The best Christmas gift is time together with family, friends

It truly is the most wonderful time of the year. Excitement abounds among the children as eyes glisten with what is to come. Rudolph, the Grinch, and Frosty have all had their time in your dens with hot chocolate and the other assortment of goodies making evenings complete. When the commercials run, I’m positive the attention is on the tree and what lies beneath. A lab snoozing by the fire completes this picture. Does this sound like your home? If so, then the outdoors is probably a big part of your lives and I bet the packages under the boughs of cedar indicate that as well.

I have been thinking about Christmas’ past and the gifts that I received as a youngster. Do you remember certain items that have a special place in your memory bank? I have a complete list filed away that I reflect back on about this time every year.

There were always a couple of boxes of Peter’s High Velocity shotgun shells under our tree. I still remember the ornate detail on the box like the drake mallard, the trees in the background and the advertisement of the new crimp and the rustless primers. My duck hunting years ago mainly consisted of jump shooting the creeks and ponds around my home. Most were within walking distance and opportunities came in the form of mostly wood ducks but every now and then a prize mallard was part of the bag. Those vivid blue shells still stand out as a big part of my childhood Christmas memories.

Duck calls sometimes went along with the shells as a complement. I remember finding the classic P.S. Olt call in my stocking on several occasions. Of course I wasn’t very good with it, but it was my start. Philipp Olt started making calls from a converted chicken coop in the late 1800s. His passion turned into a business in 1904 and the calls are still made today. I remember the collection of them in my dad’s gun cabinet and remarkably, a few of them are still around. I don’t remember if I ever actually lured a mallard to me with it but I sure tried. Every time I see one of these calls now, I think of Christmas.

 

There was a “deer lure” made years ago, though for the life of me I can’t remember the name of it. It came in a slender can, with a picture of a buck on it. I believe the can was red and yellow, but not for certain. I could count on a couple of cans under the tree every year. I still remember the distinct apple scent as I would spray it not only around my stand but throughout the house too. There was always a can in dad’s office and he knew I had been in there when he came in from work from the lingering aroma. Gosh, I wish I could find that stuff today. Maybe you will recall this too? If so, I wish you would let me know.

Of course there were always the staples of the hunting industry scattered about the den on Christmas morning. Wool socks, Browning featherweight boots, and sterno went hand in hand. Your feet would freeze with those socks and those boots. The sterno was used to make you think you were warming yourself. I guess it did help warm your hands but that was about the extent of it. It’s a miracle I still want to hunt today after enduring those frigid days years ago with practically no quality hunting wear. Every time I attend a Christmas party and see the crab dip being heated with a can of sterno, I think about those wonderful times.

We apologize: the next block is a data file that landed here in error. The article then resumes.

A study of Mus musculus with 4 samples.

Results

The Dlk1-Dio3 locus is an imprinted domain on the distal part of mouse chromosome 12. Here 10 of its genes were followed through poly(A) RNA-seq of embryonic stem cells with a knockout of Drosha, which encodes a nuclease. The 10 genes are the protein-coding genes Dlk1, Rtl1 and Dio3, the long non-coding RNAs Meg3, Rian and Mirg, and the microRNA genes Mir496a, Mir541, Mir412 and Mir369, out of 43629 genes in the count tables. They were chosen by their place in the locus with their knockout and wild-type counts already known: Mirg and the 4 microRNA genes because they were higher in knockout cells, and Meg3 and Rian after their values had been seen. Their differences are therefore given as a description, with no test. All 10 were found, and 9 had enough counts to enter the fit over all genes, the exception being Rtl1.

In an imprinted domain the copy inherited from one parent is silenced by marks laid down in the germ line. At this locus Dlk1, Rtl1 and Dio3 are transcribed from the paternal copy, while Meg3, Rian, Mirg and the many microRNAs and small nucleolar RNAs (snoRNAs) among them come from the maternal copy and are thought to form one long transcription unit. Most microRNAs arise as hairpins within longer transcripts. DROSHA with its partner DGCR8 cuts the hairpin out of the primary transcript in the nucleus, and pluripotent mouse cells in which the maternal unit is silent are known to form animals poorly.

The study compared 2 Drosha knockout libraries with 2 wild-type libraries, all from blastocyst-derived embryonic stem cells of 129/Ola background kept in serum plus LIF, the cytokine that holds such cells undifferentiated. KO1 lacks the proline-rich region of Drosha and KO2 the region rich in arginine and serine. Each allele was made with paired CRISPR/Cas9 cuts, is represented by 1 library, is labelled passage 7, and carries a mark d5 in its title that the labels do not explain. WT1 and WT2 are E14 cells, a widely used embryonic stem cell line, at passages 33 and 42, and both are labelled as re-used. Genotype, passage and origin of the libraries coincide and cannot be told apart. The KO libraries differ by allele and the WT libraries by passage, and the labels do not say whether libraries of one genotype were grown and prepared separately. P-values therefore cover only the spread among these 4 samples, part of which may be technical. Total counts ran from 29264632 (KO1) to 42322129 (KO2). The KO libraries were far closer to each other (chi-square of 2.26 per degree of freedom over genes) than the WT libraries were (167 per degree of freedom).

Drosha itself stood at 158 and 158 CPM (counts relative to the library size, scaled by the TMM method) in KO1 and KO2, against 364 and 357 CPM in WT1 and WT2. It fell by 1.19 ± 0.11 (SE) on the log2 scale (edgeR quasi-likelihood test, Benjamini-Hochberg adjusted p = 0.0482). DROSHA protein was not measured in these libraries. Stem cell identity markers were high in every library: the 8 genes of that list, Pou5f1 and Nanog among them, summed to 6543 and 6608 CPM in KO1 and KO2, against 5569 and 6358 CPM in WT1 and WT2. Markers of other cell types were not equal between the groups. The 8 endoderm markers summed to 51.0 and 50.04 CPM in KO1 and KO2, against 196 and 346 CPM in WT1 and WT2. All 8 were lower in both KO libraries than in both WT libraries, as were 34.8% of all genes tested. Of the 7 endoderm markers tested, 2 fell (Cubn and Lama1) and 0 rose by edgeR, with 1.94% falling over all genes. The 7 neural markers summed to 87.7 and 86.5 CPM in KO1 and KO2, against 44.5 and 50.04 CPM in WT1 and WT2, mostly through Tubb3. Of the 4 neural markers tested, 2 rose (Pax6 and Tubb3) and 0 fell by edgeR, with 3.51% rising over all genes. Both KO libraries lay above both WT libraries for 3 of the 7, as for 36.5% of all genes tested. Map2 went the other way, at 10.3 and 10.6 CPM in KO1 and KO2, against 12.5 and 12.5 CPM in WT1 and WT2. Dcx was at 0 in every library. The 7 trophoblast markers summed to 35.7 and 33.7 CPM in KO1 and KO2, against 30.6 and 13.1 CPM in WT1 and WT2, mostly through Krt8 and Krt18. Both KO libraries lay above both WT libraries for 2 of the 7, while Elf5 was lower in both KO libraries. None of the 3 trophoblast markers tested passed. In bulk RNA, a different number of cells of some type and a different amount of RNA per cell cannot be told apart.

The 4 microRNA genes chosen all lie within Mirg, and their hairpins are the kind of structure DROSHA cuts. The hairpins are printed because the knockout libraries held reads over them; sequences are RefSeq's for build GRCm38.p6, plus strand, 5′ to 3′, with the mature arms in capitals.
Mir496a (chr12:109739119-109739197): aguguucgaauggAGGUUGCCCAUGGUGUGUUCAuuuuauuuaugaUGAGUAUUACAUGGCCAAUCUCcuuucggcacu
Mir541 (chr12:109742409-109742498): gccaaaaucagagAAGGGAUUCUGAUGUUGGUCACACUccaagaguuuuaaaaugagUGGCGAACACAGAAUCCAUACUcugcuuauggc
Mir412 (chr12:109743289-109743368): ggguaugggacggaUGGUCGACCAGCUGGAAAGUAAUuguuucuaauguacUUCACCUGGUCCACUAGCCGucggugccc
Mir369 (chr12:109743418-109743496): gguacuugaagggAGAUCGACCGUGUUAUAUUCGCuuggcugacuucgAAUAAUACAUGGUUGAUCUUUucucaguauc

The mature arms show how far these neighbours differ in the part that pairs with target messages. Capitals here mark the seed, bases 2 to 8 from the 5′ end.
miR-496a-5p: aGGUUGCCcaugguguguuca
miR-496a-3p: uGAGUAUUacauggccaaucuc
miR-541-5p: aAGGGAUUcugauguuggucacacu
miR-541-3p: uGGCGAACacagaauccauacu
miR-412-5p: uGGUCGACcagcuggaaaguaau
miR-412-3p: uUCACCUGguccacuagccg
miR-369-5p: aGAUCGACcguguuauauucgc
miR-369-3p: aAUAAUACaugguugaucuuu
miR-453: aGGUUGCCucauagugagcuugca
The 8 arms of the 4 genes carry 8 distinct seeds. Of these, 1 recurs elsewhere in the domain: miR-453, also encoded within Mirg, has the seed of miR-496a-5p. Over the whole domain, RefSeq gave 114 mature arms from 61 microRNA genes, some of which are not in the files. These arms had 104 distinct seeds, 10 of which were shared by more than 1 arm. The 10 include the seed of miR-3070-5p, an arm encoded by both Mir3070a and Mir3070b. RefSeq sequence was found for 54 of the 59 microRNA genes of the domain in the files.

What do you look for under your tree these days? Will you be one of the few to find a “hambone” in your stocking? Some of you know what I am referring to. The famous duck call produced by C.H. Amaden of Lonoke, Ark. would be quite the surprise on Christmas morning. They’re scarce as hen’s teeth but if you happen to find one, what the gift it would be. Zeiss binoculars, Swarovski scopes, and Purdey shotguns would be nice to give or receive. Vintage leather boots, shooting vests, and other hunting attire are also welcome gifts. You had better have been a good boy or girl in Santa’s eyes to get these goodies though.

The best gift though is time together. A father and a son sharing a duck blind and admiring a boy’s first banded duck is priceless. A family gathering around the fire listening to stories from the field will always be cherished. Make a point to enjoy this Christmas together. We only have so many sunrises and sunsets to enjoy with each other. Make the best of them. And by the way, if you find a Hambone or the apple deer lure give me a buzz, I’d like to know where you found them.

Until next time enjoy our woods and waters and remember, let’s leave it better than we found it. Merry Christmas!